When I short the negative and positive wires on my DC lab power supply, at ~1V the supply shows it's max current output of 5A. but when I turn down the voltage, at some point the output ampere decreases.

I was wondering, if there is a physical limit, which affects the maximum amount of ampere that can flow on low voltage or if this is just from my power supply?

What I also recognized, was that if I put a resistor in between the contacts, the current seems to drop much earlier while decreasing the voltage. So I tought, that the resistance might affect this effect?

  • 2
    \$\begingroup\$ Are you familiar with Ohm's Law? \$\endgroup\$ – Eugene Sh. Jan 24 at 20:50
  • \$\begingroup\$ The behavior of your power supply when it is shorted is determined entirely by the design of your power supply, and you haven't told us anything about that. \$\endgroup\$ – Elliot Alderson Jan 24 at 20:51
  • \$\begingroup\$ @Eugene Sh. Sadly not yet. I'm fairly new to this topic and it is something I didn't found a direct anwser to... \$\endgroup\$ – TheEquah Jan 24 at 21:03
  • 2
    \$\begingroup\$ Well, then you should probably familiarize yourself with it. It is very simple (in it's final form) and serves a basis to a large subset of electrical engineering. \$\endgroup\$ – Eugene Sh. Jan 24 at 21:04
  • \$\begingroup\$ @Eugene Sh. Thank you for mentioning Ohm's law. After taking a quick look at it, it makes things a lot more clear. \$\endgroup\$ – TheEquah Jan 24 at 21:33

At the very theoretical end: no, it's limited by other factors.

It's possible to have a superconductor carrying a current; this would then have zero voltage across it. However each superconductor has a critical current density above which magnetic field effects cause it to stop superconducting, at which point it usually self-destructs.

More prosaically, spot welders can achieve thousands of amps at about one volt.

  • \$\begingroup\$ ahh, so in theory (and maybe superconductors), the low voltage does not limit the current capability ...which would anwser my question. \$\endgroup\$ – TheEquah Jan 24 at 21:30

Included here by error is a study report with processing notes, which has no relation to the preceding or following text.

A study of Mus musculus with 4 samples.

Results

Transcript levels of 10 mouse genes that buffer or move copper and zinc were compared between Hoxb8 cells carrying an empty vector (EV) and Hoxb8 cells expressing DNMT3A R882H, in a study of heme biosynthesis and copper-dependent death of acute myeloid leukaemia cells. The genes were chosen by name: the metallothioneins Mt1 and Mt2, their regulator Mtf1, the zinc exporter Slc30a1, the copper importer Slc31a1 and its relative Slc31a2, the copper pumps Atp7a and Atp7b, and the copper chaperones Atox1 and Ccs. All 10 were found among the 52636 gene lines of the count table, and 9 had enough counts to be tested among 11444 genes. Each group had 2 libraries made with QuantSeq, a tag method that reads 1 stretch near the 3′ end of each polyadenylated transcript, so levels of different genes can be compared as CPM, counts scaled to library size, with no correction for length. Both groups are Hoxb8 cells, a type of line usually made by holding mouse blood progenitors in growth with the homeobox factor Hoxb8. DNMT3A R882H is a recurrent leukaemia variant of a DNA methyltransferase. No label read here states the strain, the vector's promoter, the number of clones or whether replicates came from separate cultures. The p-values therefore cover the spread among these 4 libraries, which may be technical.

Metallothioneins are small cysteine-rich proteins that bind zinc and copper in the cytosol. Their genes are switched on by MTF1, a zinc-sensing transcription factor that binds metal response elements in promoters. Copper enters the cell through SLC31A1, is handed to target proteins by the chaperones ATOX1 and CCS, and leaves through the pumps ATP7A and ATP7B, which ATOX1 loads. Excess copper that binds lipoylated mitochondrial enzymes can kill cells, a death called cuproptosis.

So I thought, that the resistance might affect this effect?


The resistance of a 'short-circuit', including the contact resistance from the supply terminals to the wire, is not zero, but finite.

If the supply is being asked to deliver (say) 1v to a 0.1ohm resistance, then ideally it would take 10A. If the supply limits at 5A, then the output voltage would fall to 0.5v so that's all it's delivering. Reducing the requested voltage to (say) 0.2v would result in only 2A flowing, which it would deliver happily.

Congrats on knowing the difference between effect and affect.

  • \$\begingroup\$ "Congrats on knowing the difference between effect and affect." I know they're quite commonly confused, but that's a bit condescending! \$\endgroup\$ – NMF Jan 25 at 0:13

0 Ohms only exists on paper or by assumptions when higher loads can neglect the effects of current limiting. We call this real resistance or effective series resistance ESR and it exists everywhere in caps, batteries and even the AC grid and EE lab supplies.

The error is due to the limited feedback gain to correct the error to make the loop stable. The loss is initially defined by a series pass transistor Ron then reduced by its feedback loop gain by sensing the error voltage.

Normally I define ESR as a percent of rated max load which is the inverse of load regulation drop error. On the AC grid, a transformer impedance is rated the same as Zpu or per unit of rated load impedance.

So if a car battery can crank 1000 Amps while dropping to the test voltage from 12.5V to 7.5V or a 5V drop, we can say its ESR is about 5V/1000A = 5mΩ

So we expect the load resistance of that battery test level to be 7.5V/1000A = 7.5mΩ for the same result as the CCA crank spec. Usually, the start is much higher than 20mΩ in warm weather with less friction so the voltage drop is less.

You lab supply may have a current limiter or not, but it's ESR or Zout or source impedance at DC is defined by that incremental drop in voltage with a drop in short circuit current. or ESR=ΔV/ΔI which is some % of the min load R at max power with Vo/Imax=Rmin.

A good design is 1~2%. A great design is better, and not so good worse.

Here is another similar query.

Its good to know the limits of our test equipment, so keep exploring. Of course, there is reactive storage energy in the output cap, so peak power currents and durations will be higher. But don't overdo it with pulsed inductive loads putting energy back into unknown protected sources.

I always am aware of the ESR of all components and it varies widely and with frequency as well. It can be used for a transistor or diode or LED saturation and is inversely related to the Power capacity of the part.

Often it has different names like ESR for dielectrics and Rs for conductors, and DCR for inductors or RdsOn for FETs and Rce for BJT's.

Yet no one can make true 0Ω but get pretty close with cryogenic superconductors for MRI's.